Christian Living

The Task of Cultural Apologetics

Author Amy K. Hall Published on 06/06/2019

As the popularity and reach of apologetics have expanded over the last few decades, I’ve loved seeing God bring people with different gifts and perspectives into the movement, rounding out the work of apologetics so it applies more fully to us as whole human beings. The Christian worldview is, after all, much more than philosophical syllogisms. Worldview apologetics address all of reality because every aspect of life is touched by the Creator and can point back to Him.

Over the years, the questions I’ve heard from the people around me have moved steadily in the direction of whether or not Christianity and its God are desirable. Are they not only true, but also good and beautiful? This current emphasis fits right in with the task of cultural apologetics. Paul Gould says in his book Cultural Apologetics: Renewing the Christian Voice, Conscience, and Imagination in a Disenchanted World,

These three universal longings, for truth, goodness, and beauty, can serve as fitting starting points for a cultural apologetic.... Humanity was made to be nourished on them. These universal human longings cannot be eradicated. Unfortunately, they can be and often are muted and repressed. It’s possible to settle for cheap counterfeits too. This is why God has provided guides within the human soul to help us on our journey. Reason guides us on the quest for truth. The conscience leads us to goodness. And the imagination transports us toward beauty. This is also why we have intellectuals, prophets, and artists. They can perform a priestly duty, leading us if we allow them toward the ultimate object of our soul’s longing: Jesus Christ, the source of all truth, goodness, and beauty.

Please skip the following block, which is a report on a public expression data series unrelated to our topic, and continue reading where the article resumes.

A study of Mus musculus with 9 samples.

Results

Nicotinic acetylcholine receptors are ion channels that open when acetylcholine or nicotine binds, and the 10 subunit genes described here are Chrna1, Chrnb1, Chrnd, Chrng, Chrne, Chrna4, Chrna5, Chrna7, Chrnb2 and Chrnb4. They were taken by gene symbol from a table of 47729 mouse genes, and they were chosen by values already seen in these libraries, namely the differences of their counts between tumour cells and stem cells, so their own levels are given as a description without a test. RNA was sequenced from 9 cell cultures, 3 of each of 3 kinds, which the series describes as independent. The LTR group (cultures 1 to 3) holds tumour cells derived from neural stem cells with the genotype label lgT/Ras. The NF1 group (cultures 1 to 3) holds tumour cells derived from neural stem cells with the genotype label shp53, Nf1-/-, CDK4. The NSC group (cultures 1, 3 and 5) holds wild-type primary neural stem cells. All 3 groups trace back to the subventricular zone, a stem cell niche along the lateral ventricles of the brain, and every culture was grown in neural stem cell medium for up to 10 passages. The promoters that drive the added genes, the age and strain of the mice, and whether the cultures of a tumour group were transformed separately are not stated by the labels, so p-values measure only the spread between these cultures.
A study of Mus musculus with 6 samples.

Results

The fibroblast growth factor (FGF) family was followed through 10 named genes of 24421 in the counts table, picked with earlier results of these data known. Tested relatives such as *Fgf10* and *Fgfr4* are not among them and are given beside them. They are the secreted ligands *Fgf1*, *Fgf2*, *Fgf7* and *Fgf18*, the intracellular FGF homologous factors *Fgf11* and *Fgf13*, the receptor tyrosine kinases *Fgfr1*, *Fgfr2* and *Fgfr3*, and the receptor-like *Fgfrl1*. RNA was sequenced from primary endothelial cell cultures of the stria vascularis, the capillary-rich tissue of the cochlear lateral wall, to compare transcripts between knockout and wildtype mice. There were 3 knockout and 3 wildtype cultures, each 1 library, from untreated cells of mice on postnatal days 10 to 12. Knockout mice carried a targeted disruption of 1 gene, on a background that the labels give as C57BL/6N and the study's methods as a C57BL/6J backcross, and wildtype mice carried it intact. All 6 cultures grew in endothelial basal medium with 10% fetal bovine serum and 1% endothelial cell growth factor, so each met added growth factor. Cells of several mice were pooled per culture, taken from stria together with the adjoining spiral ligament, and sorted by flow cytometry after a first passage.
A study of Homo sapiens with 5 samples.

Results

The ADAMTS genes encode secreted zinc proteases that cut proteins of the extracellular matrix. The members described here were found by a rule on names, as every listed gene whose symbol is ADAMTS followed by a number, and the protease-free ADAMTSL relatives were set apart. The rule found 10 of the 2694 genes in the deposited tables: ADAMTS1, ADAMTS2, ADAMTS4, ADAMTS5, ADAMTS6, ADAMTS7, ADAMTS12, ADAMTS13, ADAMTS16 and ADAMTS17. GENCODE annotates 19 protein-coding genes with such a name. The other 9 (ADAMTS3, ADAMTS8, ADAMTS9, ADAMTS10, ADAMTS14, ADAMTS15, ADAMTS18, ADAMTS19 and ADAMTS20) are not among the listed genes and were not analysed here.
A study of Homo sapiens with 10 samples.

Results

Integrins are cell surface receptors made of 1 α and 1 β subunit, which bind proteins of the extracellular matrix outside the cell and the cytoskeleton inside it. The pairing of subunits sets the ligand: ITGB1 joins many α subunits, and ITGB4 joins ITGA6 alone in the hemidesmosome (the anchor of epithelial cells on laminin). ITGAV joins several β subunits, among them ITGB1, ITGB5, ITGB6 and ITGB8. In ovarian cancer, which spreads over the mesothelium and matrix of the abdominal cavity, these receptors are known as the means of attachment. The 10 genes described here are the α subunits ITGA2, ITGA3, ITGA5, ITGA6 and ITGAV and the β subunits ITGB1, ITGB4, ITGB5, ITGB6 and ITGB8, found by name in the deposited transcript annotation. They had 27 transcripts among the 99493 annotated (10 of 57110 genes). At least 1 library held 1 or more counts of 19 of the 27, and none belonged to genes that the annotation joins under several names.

So how does the cultural apologist work to guide people from their longings for truth, goodness, and beauty to Jesus Christ? Gould explains in Christianity Today:

[T]he first task of the cultural apologist [is] the task of understanding culture. I do a fair amount of worldview analysis in my book. Any cultural apologetic worth its salt will do likewise.

The cultural apologist does not stop with understanding, however. The cultural apologist works to awaken those within culture to their deep-seated longings for goodness, truth, and beauty. Part of that process involves engaging with and working within the culture-shaping institutions—the university, the arts, business, and government—to help others see the reasonableness and desirability of Christianity. Worldview analysis is necessary but not sufficient for a cultural apologetic.

The cultural apologist works to resurrect relevance by showing that Christianity offers plausible answers to universal human longings. And she works to resurrect hope, creating new cultural goods and rhythms and practices that reflect the truth, beauty, and goodness of Christianity. To summarize, cultural apologetics is defined as the work of establishing the Christian voice, conscience, and imagination within a culture so that Christianity is seen as true and satisfying, and it has both a global and local component.

This definition allows—even necessitates—the use of philosophy, science, and history as well as the creation of new cultural artifacts in making a case for Christianity.... Cultural apologetics must demonstrate not only the truth of Christianity but also its desirability.

If you’re not familiar with this kind of apologetics, read the full article, take a look at Gould’s book, or just start by listening to Brett Kunkle’s interview with Gould on our podcast.